Professional and Alumni

Focus on Leadership

Key Concepts from Leadership and the New Science

  1. The role of chaos as an essential process by which natural systems, including individuals and organizations, renew, and revitalize themselves:  

  • The traditional definition of chaos is a system whose behavior is totally unpredictable.  

  • People tend to view and experience chaos as uncertainty, unpredictability, craziness, and feelings of being overwhelmed.

  • Chaos is order without predictability; order is inherent in the system and observable when the system is viewed over time.

  • Order and change and autonomy as well as control cannot continue to be viewed as great opposites.

  • Organizations are process structure rather than permanent structures.

  • When a complex living system is subjected to high levels of change, it possesses an innate ability to self-organize or reorganize so that it functions better in its new environment.

  • Disorder can be the source of new order (or form) better suited to the demands of the environment.

  • It is hard for us to welcome disorder as a full partner in the search for order when we have expended so much of our lives trying to ward off disorder.

  • Self and organizational transformation requires a willingness to "let go" and pass through the "dark night" of chaos--use chaos as a part of our thinking to create innovative and successful teams.

  1. The position of information as the primary organizing force in any organization:

  • The more participants we engage in our universe the more we can access its potentials and the wiser we become.

  • It is impossible to expect any plan or idea to be real to people if they do not have an opportunity personally to interact with it, to create different possibilities through their personal processes of observation.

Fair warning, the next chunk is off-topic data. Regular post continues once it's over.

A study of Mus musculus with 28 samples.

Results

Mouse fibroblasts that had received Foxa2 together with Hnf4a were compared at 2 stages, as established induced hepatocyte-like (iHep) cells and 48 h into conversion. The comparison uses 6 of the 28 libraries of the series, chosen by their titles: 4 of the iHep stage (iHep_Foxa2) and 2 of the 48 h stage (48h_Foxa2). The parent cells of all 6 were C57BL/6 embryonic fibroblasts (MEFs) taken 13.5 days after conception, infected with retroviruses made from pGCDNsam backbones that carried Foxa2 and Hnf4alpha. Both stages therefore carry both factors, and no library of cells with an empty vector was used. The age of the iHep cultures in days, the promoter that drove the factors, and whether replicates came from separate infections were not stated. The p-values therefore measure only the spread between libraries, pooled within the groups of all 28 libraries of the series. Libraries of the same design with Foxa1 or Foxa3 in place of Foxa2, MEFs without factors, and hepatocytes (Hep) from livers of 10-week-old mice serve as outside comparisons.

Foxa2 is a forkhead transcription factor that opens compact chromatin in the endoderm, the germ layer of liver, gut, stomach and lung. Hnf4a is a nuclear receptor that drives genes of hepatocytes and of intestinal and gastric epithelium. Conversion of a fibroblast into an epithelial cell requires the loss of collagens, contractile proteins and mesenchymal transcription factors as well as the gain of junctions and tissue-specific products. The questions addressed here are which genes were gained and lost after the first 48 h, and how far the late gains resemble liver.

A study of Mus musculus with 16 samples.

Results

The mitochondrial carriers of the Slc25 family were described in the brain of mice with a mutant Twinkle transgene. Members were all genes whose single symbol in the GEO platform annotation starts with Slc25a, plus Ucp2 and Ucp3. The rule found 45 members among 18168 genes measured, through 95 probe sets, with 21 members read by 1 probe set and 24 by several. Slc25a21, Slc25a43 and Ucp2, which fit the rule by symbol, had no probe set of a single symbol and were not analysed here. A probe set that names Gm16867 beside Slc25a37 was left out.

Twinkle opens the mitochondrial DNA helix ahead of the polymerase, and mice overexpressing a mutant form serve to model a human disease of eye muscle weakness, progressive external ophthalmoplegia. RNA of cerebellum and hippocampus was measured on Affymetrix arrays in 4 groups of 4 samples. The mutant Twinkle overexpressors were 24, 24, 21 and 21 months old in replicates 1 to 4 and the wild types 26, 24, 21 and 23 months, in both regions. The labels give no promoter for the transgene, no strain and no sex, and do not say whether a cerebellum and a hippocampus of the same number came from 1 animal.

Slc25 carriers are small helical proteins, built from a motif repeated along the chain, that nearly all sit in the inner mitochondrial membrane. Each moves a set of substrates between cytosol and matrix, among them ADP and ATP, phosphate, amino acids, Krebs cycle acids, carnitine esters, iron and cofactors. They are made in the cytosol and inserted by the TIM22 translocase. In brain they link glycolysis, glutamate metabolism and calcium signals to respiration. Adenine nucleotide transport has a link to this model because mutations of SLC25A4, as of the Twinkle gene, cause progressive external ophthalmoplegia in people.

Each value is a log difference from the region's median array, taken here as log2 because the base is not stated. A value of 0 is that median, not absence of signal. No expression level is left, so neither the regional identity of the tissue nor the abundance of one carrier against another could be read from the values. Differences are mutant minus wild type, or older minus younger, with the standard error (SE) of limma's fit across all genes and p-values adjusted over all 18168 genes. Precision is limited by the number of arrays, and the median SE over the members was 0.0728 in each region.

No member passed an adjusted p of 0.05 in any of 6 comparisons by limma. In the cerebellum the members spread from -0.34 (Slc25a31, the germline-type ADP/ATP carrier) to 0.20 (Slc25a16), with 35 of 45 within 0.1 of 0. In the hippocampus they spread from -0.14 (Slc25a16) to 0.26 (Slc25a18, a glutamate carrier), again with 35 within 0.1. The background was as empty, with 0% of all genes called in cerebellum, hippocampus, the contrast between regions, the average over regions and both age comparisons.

• It is the participation process that generates the reality to which individuals then make their commitment. 

  • Information is the source of order, the self-generating source of organizational vitality. 

  • Information is an organization's primary source of nourishment.

  • Organizations are discovering that their route to health and resiliency is to open their organizations to free-flowing information around which trustworthy employees are free to organize their work. 

  1. The rich diversity of human relationships as the energizing force for us as individuals and as leaders. 

  • Our attention must shift from the enticement of external rewards to the intrinsic motivators that spring from the work itself. 

  • 21st century leaders must focus on the deep longing for community, for meaning, for dignity, and for love in our organizational lives. 

  • We need to step back and see ourselves in new ways, appreciate our wholeness, and design organizations that honor and make sense of our totality. 

  • We need to recognize the unseen connections that influence our behavior in the work place or other setting. 

  • We do not exist independent of our relationships with others. 

  • Different settings and people evoke some qualities from us and leave others dormant; in each relationship we are different--we are new in some way. 

  • What is critical in organizations is the relationship created between the person and the setting--each relationship will be different and will always evoke different potentialities. 

  • Power in organizations is the capacity generated by relationships; look carefully at how the work place (or other setting) organizes its relationships--the patterns of relationships and the capacities available to form them.

  • What gives power its charge is the quality of relationships. 

  • Leadership is always dependent on the context, but the context is established by relationships.

  1. The role of vision as an invisible field that can enable us to recreate our work place and our world: 

  • Everyone in the organization has something to contribute to the vision.

  • Peter Senge in The Fifth Discipline (1990) states: " . . . an organization's vision grows as a by-product of individual visions, a by-product of ongoing conversations" (p. 212).  

Notes taken from: Wheatley, M. J. (1994). Leadership and the new science: Learning about organization from an orderly universe. San Francisco: Berrett-Koehler.